The Treasurer Scott Morrison has encouraged Australians to remain “aspirational” as they grow older, but said the risks posed by an ageing population must be carefully managed.
“Aspiration has no age limit,” Mr Morrison said at the Criterion Conference Aged Care Reform After the 2018 Federal Budget.
Aspiration “doesn’t grind to a halt when we turn 65”, he said.
Mr Morrison said older Australians can continue to learn skills, seek new experiences, be independent, and still remain safe. They can be engaged, informed, and empowered.
The government’s More Choices for a Longer Life package aims to help older Australians remain healthy and active into their later years, he said.
“People are living longer and healthier – it’s good news,” he said.
Australia’s ageing population: Not an “economic curse”
More older Australians than ever are employed in the workforce, Mr Morrison said.
“Australians are choosing to work for longer.”
Australia’s participation rate is now just below 65.7%, slightly below its peak, in large part due to the contribution of older Australians. Our participation rate for older Australians has doubled since the early 2000s. One third of jobs growth in the year to February 2018 was from Australians over the age of 55, Mr Morrison said.
Though Australia’s population is ageing, we are actually younger than our peers, in large part due to our immigration program which is the “envy of other economies,” Mr Morrision said.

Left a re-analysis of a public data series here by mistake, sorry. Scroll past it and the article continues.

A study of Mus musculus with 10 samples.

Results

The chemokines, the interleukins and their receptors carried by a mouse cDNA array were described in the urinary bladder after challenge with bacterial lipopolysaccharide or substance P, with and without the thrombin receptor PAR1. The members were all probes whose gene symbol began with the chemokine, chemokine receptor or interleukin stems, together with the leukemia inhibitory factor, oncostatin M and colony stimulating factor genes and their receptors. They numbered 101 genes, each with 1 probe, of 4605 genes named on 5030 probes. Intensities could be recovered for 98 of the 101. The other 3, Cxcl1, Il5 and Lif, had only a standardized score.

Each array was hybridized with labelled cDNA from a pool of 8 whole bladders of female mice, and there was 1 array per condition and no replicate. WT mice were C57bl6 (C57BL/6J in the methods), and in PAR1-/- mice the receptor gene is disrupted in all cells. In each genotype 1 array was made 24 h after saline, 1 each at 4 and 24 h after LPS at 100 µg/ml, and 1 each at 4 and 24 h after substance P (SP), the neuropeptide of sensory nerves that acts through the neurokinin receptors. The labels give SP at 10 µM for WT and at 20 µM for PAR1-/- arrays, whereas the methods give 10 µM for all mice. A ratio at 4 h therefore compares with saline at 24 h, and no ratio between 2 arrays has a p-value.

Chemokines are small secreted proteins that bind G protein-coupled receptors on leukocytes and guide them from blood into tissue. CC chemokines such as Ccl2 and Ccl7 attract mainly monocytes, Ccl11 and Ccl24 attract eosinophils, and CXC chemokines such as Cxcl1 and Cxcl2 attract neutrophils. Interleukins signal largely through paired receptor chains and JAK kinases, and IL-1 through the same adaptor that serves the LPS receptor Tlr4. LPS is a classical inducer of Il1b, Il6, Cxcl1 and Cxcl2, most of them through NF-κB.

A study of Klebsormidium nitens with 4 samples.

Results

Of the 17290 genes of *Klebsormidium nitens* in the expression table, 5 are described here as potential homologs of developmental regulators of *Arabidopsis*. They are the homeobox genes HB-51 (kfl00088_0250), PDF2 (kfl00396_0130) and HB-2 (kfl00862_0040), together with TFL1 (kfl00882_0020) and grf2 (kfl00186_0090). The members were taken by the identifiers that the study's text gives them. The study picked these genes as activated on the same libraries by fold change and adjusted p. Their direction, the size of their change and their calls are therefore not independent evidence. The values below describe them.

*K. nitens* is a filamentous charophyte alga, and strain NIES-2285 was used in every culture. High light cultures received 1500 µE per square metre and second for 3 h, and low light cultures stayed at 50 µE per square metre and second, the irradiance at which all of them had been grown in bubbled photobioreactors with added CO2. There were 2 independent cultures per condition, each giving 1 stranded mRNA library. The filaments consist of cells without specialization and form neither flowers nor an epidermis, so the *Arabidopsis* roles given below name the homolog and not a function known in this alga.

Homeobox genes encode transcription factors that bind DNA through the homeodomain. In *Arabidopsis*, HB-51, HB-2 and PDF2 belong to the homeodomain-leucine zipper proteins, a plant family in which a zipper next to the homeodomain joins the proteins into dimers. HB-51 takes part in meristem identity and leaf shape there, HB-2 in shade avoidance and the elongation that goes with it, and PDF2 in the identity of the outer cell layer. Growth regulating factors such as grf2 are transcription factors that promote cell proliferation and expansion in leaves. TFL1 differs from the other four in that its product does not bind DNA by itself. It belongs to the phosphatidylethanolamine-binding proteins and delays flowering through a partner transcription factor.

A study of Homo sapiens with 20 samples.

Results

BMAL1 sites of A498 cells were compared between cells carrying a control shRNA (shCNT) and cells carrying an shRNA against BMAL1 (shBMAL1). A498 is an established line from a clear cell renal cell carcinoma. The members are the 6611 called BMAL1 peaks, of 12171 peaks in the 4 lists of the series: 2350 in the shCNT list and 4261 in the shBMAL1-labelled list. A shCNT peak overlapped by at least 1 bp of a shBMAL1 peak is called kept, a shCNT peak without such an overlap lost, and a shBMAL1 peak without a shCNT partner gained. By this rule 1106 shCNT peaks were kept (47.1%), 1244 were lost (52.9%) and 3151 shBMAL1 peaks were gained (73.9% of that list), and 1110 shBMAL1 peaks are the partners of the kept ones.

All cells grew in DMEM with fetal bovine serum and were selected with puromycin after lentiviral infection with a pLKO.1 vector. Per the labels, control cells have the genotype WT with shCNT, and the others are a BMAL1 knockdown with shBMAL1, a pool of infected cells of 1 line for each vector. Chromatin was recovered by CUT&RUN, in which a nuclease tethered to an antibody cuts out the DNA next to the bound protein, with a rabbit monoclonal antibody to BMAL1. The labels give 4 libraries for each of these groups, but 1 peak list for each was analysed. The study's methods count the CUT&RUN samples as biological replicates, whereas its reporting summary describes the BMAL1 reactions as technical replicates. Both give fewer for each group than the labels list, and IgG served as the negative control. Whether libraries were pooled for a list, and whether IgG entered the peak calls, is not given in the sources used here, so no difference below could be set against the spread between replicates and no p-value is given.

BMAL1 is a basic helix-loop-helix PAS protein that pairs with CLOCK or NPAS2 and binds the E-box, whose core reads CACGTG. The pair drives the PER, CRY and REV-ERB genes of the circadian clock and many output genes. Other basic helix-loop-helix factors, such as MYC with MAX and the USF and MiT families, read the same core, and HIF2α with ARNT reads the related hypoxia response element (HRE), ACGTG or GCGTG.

Many people tend to refer to an ageing population as an “economic curse”, or a drag on economic growth and productivity, but Mr Morrison said he sees it as an “opportunity”.
But the Treasurer cautioned that economic growth must remain strong in Australia in order for the government to deliver its Aged Care budget package.
“The Budget is a plan for the economy – from that all else flows,” he said. “Unless you have a strong economy, no plans can be relied upon.”
“There are risks – but if prepared, it can be an opportunity,” he said.
Budget helps Australians work for longer
He said the government has made adjustments that mean older people can work for longer, but not jeopardise their pension. He said pensioners can earn $23,000 before losing any of their pension.
The pension loans scheme means older Australians can unlock some of the equity in their home without having their pension compromised.
In the budget, the government allocated $1.6 billion over four years to fund 14,000 additional home care packages.
But the “regulatory framework must meet the challenge”, Mr Morrison said.
Unannounced audits will ensure that safety and quality of care standards are met at all times, not just when being assessed, he said.
Questions from the audience: the real life experience
Questions from the audience revealed the real life impact of the greater number of home care packages.
One questioner said that with more people staying at home for longer, when people do move to residential aged care, they tend to have more acute needs, and are staying for shorter periods, generating higher turnover of residents. This combination is putting pressure on residential aged care facility operations.
A volunteer who manages a dementia support group, who introduced herself as Val, said greater emphasis on home care is also increasing demand for respite care. The shortage of respite care beds available is a problem that needs to be addressed.
The government is focusing on Australia’s elderly population more than ever before. The 2018 Budget contained significant measured to support the elderly, but implementation must be managed carefully.